Residents' generator may disturb neighbors

 
Posted7/18/2020 7:00 AM

Q: A resident in our detached single-family home homeowners' association submitted a request to install a natural gas-powered generator on his lot. It would supply power to his home in the event of a power failure. The board is concerned about the loud noise it would generate during weekly, 10-minute or so automatic testing of the generator. Our declaration of covenants includes a provision that prohibits an owner from engaging in any conduct that unreasonably interferes with the quiet enjoyment and use of another lot or common area, or conduct that creates a nuisance. Is this language enough to deny the owner's request?

A: This issue does come up from time to time in associations. However, there is no Illinois case law directly on this point.

                                                                                                                                                                                                                       
 

The issue raised here is whether the generator, when it is in actual use, creates noise that rises to the level of interfering with the quiet enjoyment of another lot or the common area, or creates a nuisance. If the noise created by a power generator is continuous and loud, it could absolutely violate the covenant in the association's declaration.

However, a power generator does not run continuously. Therefore, the occasional nature of the noise emitted during the weekly 10-minute testing, or even the noise emitted during an occasional power failure, might not be enough to support a denial of the request for a generator based on the covenant in question here.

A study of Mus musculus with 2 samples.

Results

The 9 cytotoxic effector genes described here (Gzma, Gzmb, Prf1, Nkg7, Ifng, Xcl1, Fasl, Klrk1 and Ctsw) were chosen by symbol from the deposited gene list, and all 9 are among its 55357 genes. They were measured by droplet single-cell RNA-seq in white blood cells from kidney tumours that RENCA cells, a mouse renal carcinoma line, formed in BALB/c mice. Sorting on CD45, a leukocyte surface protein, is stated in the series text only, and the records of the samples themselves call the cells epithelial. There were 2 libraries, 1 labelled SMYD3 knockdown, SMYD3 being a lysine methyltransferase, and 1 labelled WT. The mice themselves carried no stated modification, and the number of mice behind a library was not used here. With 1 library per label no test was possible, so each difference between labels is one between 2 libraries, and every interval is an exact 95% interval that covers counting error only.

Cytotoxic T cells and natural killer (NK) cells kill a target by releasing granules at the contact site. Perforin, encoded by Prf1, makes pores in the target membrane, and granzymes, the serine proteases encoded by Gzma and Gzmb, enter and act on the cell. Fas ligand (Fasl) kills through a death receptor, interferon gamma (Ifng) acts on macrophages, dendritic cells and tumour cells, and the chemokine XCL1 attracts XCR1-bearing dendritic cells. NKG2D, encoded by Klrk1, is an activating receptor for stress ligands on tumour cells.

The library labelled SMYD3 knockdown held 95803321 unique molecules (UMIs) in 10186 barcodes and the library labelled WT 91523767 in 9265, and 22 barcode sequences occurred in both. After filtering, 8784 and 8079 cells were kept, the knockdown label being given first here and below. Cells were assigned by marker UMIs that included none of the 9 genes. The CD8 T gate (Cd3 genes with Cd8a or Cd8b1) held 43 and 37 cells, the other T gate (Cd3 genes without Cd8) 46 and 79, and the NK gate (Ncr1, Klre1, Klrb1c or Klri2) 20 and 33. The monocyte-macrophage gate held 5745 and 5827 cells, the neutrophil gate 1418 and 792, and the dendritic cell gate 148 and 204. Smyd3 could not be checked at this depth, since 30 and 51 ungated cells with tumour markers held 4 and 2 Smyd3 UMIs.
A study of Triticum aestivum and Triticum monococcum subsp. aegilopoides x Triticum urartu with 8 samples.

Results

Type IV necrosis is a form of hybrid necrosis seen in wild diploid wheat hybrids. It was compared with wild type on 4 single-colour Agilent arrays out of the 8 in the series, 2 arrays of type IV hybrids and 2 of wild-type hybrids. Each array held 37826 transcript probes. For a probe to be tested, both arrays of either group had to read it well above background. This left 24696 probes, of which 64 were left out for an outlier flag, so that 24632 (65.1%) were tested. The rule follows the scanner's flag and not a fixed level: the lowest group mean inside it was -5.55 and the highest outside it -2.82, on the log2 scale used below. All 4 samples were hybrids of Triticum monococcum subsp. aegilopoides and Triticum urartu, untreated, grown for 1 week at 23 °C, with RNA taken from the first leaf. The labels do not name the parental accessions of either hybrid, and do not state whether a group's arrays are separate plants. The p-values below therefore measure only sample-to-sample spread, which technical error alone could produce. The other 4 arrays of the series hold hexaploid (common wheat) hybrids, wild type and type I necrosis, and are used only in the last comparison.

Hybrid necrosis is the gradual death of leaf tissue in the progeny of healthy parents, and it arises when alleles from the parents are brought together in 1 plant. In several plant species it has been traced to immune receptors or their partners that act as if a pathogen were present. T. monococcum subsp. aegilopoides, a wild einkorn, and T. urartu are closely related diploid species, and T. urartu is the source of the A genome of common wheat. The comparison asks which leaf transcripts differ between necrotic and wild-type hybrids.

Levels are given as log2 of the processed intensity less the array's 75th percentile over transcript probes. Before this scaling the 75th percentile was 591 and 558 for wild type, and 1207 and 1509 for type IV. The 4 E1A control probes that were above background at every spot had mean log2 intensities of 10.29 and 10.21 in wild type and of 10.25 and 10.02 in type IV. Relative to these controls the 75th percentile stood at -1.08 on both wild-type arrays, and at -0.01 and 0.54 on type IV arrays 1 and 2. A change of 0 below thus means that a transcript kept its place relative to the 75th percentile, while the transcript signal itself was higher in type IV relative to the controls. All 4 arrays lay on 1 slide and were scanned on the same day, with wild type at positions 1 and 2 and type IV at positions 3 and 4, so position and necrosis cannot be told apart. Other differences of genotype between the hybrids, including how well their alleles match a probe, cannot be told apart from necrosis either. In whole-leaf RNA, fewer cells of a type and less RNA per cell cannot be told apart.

The board could require that the weekly test take place during the daytime, so as to reduce the impact on other residents. And the board could require some sort of screening of the generator to minimize an aesthetic impact

Q: What is the proper procedure a board member should follow, other than voting against a matter, when they feel a board action is not proper?

A: This is addressed in Section 108.65(b) of the Illinois General Not for Profit Corporation Act. It provides that a director of a corporation who is present at a meeting of its board of directors at which action on any corporate matter is taken is conclusively presumed to have assented to the action taken unless he or she takes specific action. The board member's dissent to board action must be entered in the minutes of the meeting. Alternatively, the board member must file his or her written dissent to such action with the person acting as the secretary of the meeting before the adjournment of the meeting, or must forward such dissent or abstention by registered or certified mail to the secretary of the corporation immediately after the adjournment of the meeting.


Q: The board of our condominium has been making "emergency" decisions to respond to issues raised by the COVID-19 pandemic. We have been advised that the Condominium Property Act permits a board to ratify an "emergency" decision, and that the term "emergency" is defined. However, by what procedure should the board be making decisions in an "emergency?"

A: Section 18(a)(21) of the Illinois Condominium Property Act permits the board of a condominium association to ratify "emergency" decisions. That section does not describe how the actual decision is made in an "emergency." Presumably, the decision in an "emergency" could be made by the board at a meeting called on less than 48 hours notice or without notice, or by email between the board members, or by telephone polling of board members. The board would then have to follow the ratification procedure described in Section 18(a)(21) of the act.

• David M. Bendoff is an attorney with Kovitz Shifrin Nesbit in the Chicago suburbs. Send questions for the column to him at CondoTalk@ksnlaw.com. The firm provides legal service to condominium, townhouse, homeowner associations and housing cooperatives. This column is not a substitute for consultation with legal counsel.